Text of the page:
Urituyacu River, Loreto, Peru

Fieldwork Forum (FForum)

Department of Linguistics
University of California, Berkeley

When?Tuesdays 9:30am - 11am
Where?1303 Dwinelle Hall
What?We are a working group dedicated to the critical examination of methodologies in language documentation, description and revitalization, as well as to the linguistic and ethnohistorical analysis that falls out from that work. Our aim is to learn from and ultimately improve upon methods for carrying out more rigorous, insightful and ethical linguistic and cultural fieldwork, and to help researchers implement those methods.
How?Fieldwork Forum is made possible through a Working Group Grant provided by the Townsend Center for the Humanities at the University of California, Berkeley.
Who?FForum is organized by Hannah Sande and Amalia Skilton. We welcome all those interested in linguistic fieldwork, with all levels of experience, including those in other departments.

Fall 2015

Oct 6Discussion: FLEx demo and trouble shooting

Oct 13Line Mikkelsen (UC Berkeley)
From text to syntactic analysis
Generations of fieldworkers have produced a rich corpus of Karuk text material. As the prospect for grammatical elicitation with native speakers of the language dwindles, this corpus takes on an even greater role in analytic and revitalization work with the language. I discuss the methodological challenges in developing an analytic understanding of Karuk syntax and suggest some concrete strategies for overcoming these challenges. The discussion will center on word order, in particular the restrictions on pre- and post-verbal position for different dependents of the verb.

Oct 20Pius Akumbu
Community linguists and data collection: A Cameroonian experience
The linguistic situation in Cameroon is complex with at least 280 languages for a population of approximately 20 million people. Most of the linguistic work done on these languages has been by foreigners until recently when a number of Cameroonian linguists have been trained. My intention in this presentation is to disclose the methods I have used in my previous work as a linguist working on my mother-tongue and other languages of Cameroon, showing how I go between typical fieldwork and less fieldwork. I examine the difficulties we face as local linguists when we go to the field and also look at the impact our methods may have on the research output.

Oct 27TBD

Nov 3No regular meeting: Wednesday evening GAIL meeting

Nov 10Kate Lindsey (Stanford)

Nov 17Zachary O'Hagan (UC Berkeley)

Nov 24Ruprecht von Waldenfels

Dec 1TBD

Dec 8Monica Macaulay (University of Wisconsin, Madison)

Sep 1Discussion: Welcome back from the field!

Sep 8Erin Donnelly (UC Berkeley)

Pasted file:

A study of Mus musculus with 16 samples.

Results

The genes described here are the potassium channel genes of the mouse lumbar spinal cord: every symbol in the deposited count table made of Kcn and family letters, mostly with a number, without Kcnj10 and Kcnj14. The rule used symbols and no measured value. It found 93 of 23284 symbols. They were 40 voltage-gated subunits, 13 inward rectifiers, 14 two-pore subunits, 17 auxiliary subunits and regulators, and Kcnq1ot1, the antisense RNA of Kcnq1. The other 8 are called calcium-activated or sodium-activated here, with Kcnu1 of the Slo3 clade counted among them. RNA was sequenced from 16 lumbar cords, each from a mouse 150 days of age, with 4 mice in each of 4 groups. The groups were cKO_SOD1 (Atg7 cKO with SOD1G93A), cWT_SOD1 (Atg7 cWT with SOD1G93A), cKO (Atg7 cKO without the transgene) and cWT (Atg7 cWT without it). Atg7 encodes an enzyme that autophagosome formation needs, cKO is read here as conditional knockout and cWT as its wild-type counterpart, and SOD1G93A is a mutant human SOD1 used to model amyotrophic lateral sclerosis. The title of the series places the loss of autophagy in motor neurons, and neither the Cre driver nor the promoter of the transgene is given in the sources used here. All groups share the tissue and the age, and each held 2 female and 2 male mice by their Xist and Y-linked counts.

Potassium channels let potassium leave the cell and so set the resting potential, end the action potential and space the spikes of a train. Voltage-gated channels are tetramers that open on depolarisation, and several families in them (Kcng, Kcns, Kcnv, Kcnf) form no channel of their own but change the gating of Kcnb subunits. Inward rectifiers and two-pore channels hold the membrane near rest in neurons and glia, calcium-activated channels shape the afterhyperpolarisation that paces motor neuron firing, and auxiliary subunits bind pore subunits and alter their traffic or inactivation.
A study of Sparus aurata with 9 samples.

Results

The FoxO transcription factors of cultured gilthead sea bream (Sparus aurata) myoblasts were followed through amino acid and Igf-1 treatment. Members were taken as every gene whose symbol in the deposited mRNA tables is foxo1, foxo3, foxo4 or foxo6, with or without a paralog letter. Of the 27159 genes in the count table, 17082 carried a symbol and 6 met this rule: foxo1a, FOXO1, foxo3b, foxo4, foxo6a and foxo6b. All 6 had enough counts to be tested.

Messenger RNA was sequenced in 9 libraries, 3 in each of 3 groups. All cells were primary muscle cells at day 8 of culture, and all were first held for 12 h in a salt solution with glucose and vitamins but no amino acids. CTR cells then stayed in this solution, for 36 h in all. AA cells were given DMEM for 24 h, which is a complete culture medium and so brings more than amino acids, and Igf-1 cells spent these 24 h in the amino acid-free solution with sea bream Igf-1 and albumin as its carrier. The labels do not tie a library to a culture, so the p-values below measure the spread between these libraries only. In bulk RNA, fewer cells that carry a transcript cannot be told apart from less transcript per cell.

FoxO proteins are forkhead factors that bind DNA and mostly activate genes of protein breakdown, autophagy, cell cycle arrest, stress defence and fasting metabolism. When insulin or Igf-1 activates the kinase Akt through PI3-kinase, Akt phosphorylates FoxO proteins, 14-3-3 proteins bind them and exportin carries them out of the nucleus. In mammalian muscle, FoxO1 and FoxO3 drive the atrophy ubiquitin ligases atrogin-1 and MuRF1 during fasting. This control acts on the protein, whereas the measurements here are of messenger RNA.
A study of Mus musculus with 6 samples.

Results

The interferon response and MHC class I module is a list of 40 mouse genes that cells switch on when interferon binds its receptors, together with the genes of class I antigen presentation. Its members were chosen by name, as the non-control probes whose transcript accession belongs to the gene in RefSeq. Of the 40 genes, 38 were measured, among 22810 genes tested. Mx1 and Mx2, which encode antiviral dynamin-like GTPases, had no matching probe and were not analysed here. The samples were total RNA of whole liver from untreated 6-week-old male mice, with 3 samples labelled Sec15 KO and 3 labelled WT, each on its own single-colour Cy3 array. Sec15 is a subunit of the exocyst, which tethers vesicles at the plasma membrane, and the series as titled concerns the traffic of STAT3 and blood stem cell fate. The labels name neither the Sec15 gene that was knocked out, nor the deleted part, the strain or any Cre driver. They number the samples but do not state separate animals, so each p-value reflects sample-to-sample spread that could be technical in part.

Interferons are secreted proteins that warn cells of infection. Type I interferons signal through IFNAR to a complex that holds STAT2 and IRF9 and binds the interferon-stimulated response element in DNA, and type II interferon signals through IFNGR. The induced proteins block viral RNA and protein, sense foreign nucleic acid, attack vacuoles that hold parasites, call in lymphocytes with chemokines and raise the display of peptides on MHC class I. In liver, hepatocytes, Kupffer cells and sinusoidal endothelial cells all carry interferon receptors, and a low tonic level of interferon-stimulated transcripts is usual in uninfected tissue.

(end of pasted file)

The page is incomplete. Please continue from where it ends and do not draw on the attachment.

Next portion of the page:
Evidence of the diachronic development of the obviative in Choapan Zapotec
Obviation, which differentially marks proximal and distal third-person referents, is typologically uncommon. Sometimes referred to as the “fourth person”, obviatives are grammatically mandatory elements that would otherwise be expressed as optional discourse reference markers in non-obviative languages. Within Mesoamerica, obviation has been documented in Tzotzil (Aissen 1997) and other Mayan languages, as well as the Mixe-Zoquean languages Zoque and Olutec (Zavala 2007). Unlike their polysynthetic neighbors, the isolating Oto-Manguean languages have not been described as having grammatical obviation. In this talk, I show that Choapan Zapotec (Eastern Oto-Manguean, Mexico) has developed a grammatically obligatory obviative pronoun. Using evidence from other Northern Zapotec dialects, I show that the development of obviation in Choapan Zapotec happened quite recently. This obviative pronoun has apparently grammaticalized from the informal third-person pronoun followed by a distal demonstrative. I argue that the appearance of this particular obviative pronoun in Choapan Zapotec is the result of two processes: analysis of the DP (3s pronoun + demonstrative) as a single phonological word, followed by a sound change which is only found in Choapan Zapotec. I suggest that, despite the attestation of obviation in other Mesoamerican languages, this particular grammaticalization process was an independent innovation.

Sep 15No regular meeting: Wednesday evening GAIL meeting

Sep 22Andrew Garrett, Ronald Sprouse, and Zachary O'Hagan (UC Berkeley)
Archiving your language materials in the California Language Archive
The California Language Archive is a repository for analog and digital materials emerging from documentation projects focused on languages of the western hemisphere as well as languages documented in Berkeley field methods classes and by Berkeley students and faculty. For those whose work falls into these categories, our presentation will provide a practical overview of how to begin archiving with the CLA. It is possible (and desirable) to set up a collection before you are done with your research, and it is possible to archive materials before the collection is 'live' (visible to catalog users).

Sep 29Kelsey Neely (UC Berkeley)
Work with ELAN, Praat, and FLEx together
ELAN, Praat, and Fieldworks Language Explorer (FLEx) are three highly useful applications that are commonly used by field linguists. This talk will present some ways for using these three tools together in a unified workflow. I will demo some of the features that make each of these applications useful, but I plan to focus on using ELAN. In particular, I will show how data can be imported from ELAN to Praat (and vice-versa) and how data can be exported to FLEx. It will not be necessary to have all (or any!) of these three programs installed on your computer to participate in the demonstration and discussion, but it may be useful.